Getting back property seized by the police

A friend of mine is in a horrible predicament and needs some advice. As part of a criminal investigation into her husband (which was a complete surprise to her), computers and IT equipment were seized from the home, including IT equipment supplied by her employer as part of her job.

Online searches have advice on retrieving personal goods, but not on work equipment and her employers have now started to make the wrong kind of noises about her liability for their property.

Does anyone know about who's responsible for what under such circumstances or is there any advice you can offer?


It is surely up to her employers to approach the police about their property.

PS I am not a lawyer.

bossab2 - 07 Jan 2019 17:21:54 (#2 of 13)

You could ask nicely.

( however my experience is that the plod are an unregulated law unto themselves )

HerrWalrus - 07 Jan 2019 17:22:27 (#3 of 13)

Steal it.

Gotout - 07 Jan 2019 17:28:48 (#4 of 13)

A solicitor would probably be the best way forward. She might be able to get the advice free.

LumpyBits - 07 Jan 2019 17:28:51 (#5 of 13)

It is surely up to her employers to approach the police about their property



Thanks everyone.

I guess this is the crux of the matter - is it in fact their responsibility or is it hers, to chase up plod.

Her company have policies on who is responsible for equipment if it's lost or damaged, but this is an exceptional situation and I don't think anyone really knows who is responsible.

Of course, she's terribly worried that her employer could somehow how this over her as some kind of disciplinary or bringing her company into disrepute.

Tenesmus - 07 Jan 2019 17:38:03 (#6 of 13)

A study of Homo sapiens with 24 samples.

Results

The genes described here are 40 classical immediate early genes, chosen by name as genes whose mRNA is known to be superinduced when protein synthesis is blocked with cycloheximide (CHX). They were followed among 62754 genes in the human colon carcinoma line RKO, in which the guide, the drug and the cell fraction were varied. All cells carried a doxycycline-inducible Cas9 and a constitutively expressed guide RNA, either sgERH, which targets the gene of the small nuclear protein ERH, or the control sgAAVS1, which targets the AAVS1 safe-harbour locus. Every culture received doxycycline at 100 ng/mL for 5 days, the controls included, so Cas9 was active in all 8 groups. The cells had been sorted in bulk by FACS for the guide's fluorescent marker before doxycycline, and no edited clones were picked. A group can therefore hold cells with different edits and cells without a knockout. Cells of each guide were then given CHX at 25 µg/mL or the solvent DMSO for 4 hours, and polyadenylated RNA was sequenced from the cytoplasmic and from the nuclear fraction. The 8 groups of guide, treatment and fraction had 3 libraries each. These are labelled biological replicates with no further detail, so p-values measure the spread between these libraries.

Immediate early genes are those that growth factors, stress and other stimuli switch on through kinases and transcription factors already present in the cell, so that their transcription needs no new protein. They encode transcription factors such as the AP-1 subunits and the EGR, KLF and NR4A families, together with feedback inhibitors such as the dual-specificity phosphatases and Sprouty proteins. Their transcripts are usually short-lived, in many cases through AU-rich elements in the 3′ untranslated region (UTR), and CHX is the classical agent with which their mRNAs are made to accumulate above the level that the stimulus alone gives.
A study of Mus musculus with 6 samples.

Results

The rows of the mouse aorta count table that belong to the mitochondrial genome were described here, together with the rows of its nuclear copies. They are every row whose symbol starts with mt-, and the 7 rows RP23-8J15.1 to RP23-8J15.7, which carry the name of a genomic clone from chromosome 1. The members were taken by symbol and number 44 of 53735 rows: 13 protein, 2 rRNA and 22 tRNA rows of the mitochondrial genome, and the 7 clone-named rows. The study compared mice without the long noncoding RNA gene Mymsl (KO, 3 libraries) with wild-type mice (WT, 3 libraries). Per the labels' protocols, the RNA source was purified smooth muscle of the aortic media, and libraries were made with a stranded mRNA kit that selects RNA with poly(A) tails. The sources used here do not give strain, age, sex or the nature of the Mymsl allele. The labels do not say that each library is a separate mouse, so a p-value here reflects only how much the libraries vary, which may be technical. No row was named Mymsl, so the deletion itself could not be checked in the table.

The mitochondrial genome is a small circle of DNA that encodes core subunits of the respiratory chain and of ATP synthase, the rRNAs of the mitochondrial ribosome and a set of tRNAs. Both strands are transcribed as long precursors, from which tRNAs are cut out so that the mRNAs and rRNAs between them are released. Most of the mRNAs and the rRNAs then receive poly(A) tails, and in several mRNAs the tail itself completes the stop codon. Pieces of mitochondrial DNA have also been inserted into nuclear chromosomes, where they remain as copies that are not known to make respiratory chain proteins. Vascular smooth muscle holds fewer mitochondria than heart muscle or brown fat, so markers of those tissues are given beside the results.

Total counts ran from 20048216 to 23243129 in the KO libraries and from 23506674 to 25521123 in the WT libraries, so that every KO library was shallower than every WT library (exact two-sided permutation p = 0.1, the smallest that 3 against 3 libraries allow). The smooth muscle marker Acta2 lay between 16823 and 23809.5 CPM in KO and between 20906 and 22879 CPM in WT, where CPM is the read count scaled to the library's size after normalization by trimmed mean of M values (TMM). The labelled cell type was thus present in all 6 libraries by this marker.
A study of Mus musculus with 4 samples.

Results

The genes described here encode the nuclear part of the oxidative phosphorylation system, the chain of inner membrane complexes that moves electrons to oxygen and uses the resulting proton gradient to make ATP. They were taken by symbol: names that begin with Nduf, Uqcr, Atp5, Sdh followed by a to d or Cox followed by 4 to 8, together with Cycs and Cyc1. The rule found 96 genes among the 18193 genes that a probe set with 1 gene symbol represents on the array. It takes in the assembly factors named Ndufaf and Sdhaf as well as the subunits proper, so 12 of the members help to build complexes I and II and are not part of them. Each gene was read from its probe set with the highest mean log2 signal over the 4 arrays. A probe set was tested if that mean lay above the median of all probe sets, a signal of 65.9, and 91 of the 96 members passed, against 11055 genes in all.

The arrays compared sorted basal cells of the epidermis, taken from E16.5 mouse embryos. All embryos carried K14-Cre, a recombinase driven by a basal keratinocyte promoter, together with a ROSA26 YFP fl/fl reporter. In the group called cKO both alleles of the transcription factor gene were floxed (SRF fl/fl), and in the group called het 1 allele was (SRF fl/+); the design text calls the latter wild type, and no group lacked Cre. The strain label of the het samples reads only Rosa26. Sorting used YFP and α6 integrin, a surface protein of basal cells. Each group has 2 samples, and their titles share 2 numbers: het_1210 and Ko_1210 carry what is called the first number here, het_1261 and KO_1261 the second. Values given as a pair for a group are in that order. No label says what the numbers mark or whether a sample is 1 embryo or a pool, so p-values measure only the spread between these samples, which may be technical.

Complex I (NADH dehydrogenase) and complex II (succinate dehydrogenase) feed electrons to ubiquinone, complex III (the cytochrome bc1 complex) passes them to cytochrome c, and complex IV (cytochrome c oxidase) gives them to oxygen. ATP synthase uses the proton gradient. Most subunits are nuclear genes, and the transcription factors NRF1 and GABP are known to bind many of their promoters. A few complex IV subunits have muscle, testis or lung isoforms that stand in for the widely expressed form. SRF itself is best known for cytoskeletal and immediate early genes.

Well she shouldn't be unless she allowed him to use her work equipment.

(IANAL)

Cordelia - 07 Jan 2019 17:38:18 (#7 of 13)

I doubt it very much. I assume there was a warrant - has anyone checked to see if the employer’s equipment was legitimately removed?

LumpyBits - 07 Jan 2019 17:51:25 (#8 of 13)

Thanks again. From what I understand, there was definitely a warrant. I won't go into detail for obvious reasons, but it looks like her husband is being investigated as part of a much bigger thing and she's been told any news on whether it'll be followed up with a charge could take many months.

Her company are getting itchy over getting their equipment back, but there is no end in sight as far as she can tell.

Cordelia - 07 Jan 2019 17:59:04 (#9 of 13)

The company legal team should be dealing with this anyway. Your poor friend has enough on her plate.

SinnerBoy - 14 Jan 2019 15:20:32 (#10 of 13)

On getting property back from the Police....

The wanker who left an "art installation" bomb on the High Level Bridge, in Newcastle, last year, has been sentenced to a community order.

It transpires that, the day after he was arrested, he called 999, to ask for it back!

RosyLovelady - 16 Jan 2019 09:45:17 (#11 of 13)

< her employer could somehow hold this over her as some kind of disciplinary or bringing her company into disrepute >

Sorry to say that many companies would jump at the chance. From their point of view, it's all her fault for marrying the sort of person this sort of thing happens to.

Dayraven - 16 Jan 2019 09:55:22 (#12 of 13)

It transpires that, the day after he was arrested, he called 999, to ask for it back!

The police may have been fighting the temptation to return the wrong unexploded bomb at that point.

SinnerBoy - 16 Jan 2019 16:55:01 (#13 of 13)

A real weapon for a real, weapons-grade bell end, you mean?